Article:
Uprise Art officially expanded club membership to Boston on Thursday evening with a Launch Party at Oficio on Newbury Street. Artists, guests, and new Uprise members celebrated with music and cocktails courtesy of Saint Germain.
"The Phantom Queen"
Edgar Varela Fine Arts
April 28th - May 19th, 2012
727 South Spring Street
John Klukas’ style is heavily influenced by surrealism, drawing upon dreams for much of his work. The images in “The Phantom Queen” explore an archetypal character distinct from those common today; a violent embodiment of the potency of female power.
Where are you from and where do you currently reside? I was born in Abington, Pennsylvania, and by route of several cities I now live in Greenpoint, Brooklyn.
Who are some of your favorite artists?
Santiago Moix, Inka Essenghigh, Ghada Amer, Reza Farkondeh, Harry Partch, Henry Miller, Nicolai Tesla, James Ensor, Benvenuto Cellini, and Da Vinci. Storytellers and inventors.
When did you begin printmaking?
I started in Santa Fe, New Mexico, where I worked in a printmaking studio. However, my wanderlust and my need for new skills led me to other shops throughout the country, and eventually to New York. I am very thankful that I acquired my knowledge of printmaking through true masters of the art.
Your works are often narrative and there are characters that reappear in different pieces. Where are these stories from?
The characters themselves tend to come from a phrase or name that gets lodged in my head. Then I begin to obsessively draw these new figures. The more time I spend with them the more their characteristics, ambitions, and flaws begin to develop. I have many great collaborators, most notably Benjamin Folstein, and after countless discussions a world is formed around these characters. The stories themselves are the existential problems facing both men and women.
You often approach a story through different mediums (sculptural instruments, audio recordings, prints etc.). How do you feel about these parts being experienced separately rather than as a whole?
I create these stories in parts. To me each piece is embedded with its own life and story. A snapshot or a bit of ephemera from the characters life. Each fragment stands alone, meanwhile it is part of a much larger picture. The use of different mediums relates well to the form of storytelling in that I am able to incorporate many of the senses; audio, visual, and kinetic.
What story or project are you currently working on?
I am currently working on a new story. The saga of Jimmy Canal. A cowboy who lives by his own code, in a land where the only law is the gun……
This “story” will be told in DUMBO at Kunsthalle Galapagos in November.
Where are you from and where do you currently reside?
I grew up in Western Massachusetts, in a small town. After a number of years bouncing around from city to city, I’m now back in Western Mass. in a slightly less small town.
Who are some of your favorite artists?
These days I look at a lot of painters, Thomas Eakins and Edward Hopper being my two favorites. They both had an amazing ability to put so much into simple everyday happenings, which is pretty much what I’m looking for in my pictures. As far as photographers go, I’ve always been Robert Frank fan. Larry Sultan was an amazing teacher and remains a huge inspiration. Alec Soth, Jack Pierson, the list could go on.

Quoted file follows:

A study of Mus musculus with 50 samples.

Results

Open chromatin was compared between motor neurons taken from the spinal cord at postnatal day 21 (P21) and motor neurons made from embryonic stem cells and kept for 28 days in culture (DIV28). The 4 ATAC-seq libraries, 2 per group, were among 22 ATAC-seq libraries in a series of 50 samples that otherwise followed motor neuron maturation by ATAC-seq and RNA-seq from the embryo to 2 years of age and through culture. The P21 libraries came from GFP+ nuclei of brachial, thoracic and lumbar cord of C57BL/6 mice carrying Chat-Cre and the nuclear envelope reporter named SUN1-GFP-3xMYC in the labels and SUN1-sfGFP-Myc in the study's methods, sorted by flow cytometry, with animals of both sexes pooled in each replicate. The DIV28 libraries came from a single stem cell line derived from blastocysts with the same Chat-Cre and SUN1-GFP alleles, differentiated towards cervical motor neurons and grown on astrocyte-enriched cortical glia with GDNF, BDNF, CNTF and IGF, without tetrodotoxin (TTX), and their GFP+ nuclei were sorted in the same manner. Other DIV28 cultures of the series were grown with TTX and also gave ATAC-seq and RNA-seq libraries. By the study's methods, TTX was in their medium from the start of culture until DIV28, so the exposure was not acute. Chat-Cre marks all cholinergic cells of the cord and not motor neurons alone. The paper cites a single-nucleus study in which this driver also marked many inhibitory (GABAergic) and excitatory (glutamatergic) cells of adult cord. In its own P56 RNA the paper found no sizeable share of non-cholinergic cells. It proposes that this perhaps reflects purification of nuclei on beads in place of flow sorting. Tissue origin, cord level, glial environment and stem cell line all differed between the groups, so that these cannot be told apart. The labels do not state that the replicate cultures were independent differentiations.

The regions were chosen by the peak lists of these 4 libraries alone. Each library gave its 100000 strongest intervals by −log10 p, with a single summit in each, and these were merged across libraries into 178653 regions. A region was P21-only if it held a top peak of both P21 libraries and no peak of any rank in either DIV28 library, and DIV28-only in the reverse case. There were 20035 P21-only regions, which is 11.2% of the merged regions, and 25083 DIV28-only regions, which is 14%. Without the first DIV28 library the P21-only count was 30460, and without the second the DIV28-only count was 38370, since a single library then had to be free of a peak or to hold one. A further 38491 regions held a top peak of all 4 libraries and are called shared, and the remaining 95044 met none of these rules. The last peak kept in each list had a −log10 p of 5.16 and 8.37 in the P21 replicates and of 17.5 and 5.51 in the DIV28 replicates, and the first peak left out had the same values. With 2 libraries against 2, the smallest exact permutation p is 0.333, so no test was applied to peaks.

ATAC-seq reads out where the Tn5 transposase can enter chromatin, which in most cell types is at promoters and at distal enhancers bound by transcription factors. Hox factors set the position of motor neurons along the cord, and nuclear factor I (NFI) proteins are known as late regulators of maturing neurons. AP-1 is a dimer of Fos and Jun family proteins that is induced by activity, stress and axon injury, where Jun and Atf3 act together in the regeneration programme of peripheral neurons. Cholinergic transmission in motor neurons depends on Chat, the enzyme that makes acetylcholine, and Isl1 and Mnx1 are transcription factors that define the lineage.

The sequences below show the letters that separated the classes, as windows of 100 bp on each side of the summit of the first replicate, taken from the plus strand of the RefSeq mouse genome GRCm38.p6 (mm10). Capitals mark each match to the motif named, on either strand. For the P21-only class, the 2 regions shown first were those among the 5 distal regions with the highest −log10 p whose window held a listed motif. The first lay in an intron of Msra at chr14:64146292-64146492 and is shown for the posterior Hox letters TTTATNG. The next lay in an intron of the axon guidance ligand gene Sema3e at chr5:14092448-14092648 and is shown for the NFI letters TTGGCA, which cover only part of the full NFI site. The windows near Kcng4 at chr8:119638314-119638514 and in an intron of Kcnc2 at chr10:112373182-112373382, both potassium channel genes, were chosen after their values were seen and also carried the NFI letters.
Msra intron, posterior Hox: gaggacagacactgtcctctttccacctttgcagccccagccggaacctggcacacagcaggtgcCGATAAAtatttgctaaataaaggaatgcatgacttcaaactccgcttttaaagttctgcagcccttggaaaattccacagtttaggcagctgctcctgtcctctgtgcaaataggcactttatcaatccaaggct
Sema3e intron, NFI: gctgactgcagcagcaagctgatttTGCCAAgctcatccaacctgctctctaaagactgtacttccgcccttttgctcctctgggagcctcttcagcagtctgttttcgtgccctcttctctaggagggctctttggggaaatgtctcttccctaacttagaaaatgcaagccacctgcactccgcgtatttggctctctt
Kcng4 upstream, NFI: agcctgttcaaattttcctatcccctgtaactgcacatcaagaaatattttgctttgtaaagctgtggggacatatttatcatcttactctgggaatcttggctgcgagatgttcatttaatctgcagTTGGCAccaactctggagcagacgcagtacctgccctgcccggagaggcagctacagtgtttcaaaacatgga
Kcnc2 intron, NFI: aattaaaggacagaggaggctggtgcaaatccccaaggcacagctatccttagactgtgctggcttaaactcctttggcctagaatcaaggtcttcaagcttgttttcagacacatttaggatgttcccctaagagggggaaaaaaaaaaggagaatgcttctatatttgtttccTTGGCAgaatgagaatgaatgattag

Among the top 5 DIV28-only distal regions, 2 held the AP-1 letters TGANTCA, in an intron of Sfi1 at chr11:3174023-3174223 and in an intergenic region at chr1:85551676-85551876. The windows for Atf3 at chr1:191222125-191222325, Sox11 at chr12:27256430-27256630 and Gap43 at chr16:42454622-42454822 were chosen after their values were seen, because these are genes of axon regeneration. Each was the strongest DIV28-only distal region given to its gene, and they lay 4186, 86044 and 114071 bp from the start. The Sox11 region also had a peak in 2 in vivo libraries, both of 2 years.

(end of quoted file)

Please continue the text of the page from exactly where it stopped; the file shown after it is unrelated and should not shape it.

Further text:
Many of your photographs include bodies of water and bodies in water. Are you an avid swimmer?
I’ll just say that I swim. I’m no Michael Phelps. To me swimming and water are about innocence and a retreat from the world. I had been taking pictures of water for a long time before I saw Eakins’ painting Swimming, but that picture really opened my eyes to what I was trying to do. Until then I just thought it was a good idea to go swimming on hot days, (which is part of it) but the metaphor of water and swimming becomes so apparent in the simplicity and ease of the boys in Eakins’ painting.
In the introduction of your book Pattern Language, you make a distinction between reality and truth saying that reality is what happened, whereas truth is how it was captured in one’s memory. Your portraits are intimate and familiar, and it is clear that the world depicted is your truth. At the same time, your work creates an alternate nostalgia and, in some ways, a fantasy: the America you don’t know, the friends you wish you had etc. Do you consider your work documentary or fantasy, or both?
It’s definitely both. It might just be documentary to me, but at the same time it is also a fantasy. Nostalgia is, in its essence, a fantasy - the wish for the good ol’ days. It’s hard for me to divorce myself from the people and places and moments and memories that are behind all the images, which is why I think it might be a document of my life. If you don’t know the people or places, then the story is yours to create and you are free to create your own truth.
What is something people would be surprised to discover about you?
Despite what my pictures might tell you, I can’t leave the house without showering and working on a crossword puzzle.
As with all Uprise artwork, John’s original photographs are available to Uprise members for $50/month, with 100% going towards the purchase price. Collecting original contemporary art has never been easier. Not a member? Join today.
Exciting news: Uprise Art membership is now open to Boston collectors!
Uprise members are welcome to invite their interesting art-loving friends in Beantown to join the club. We are also hosting a Boston Launch Party on April 26th for Boston members and their guests. Save the date!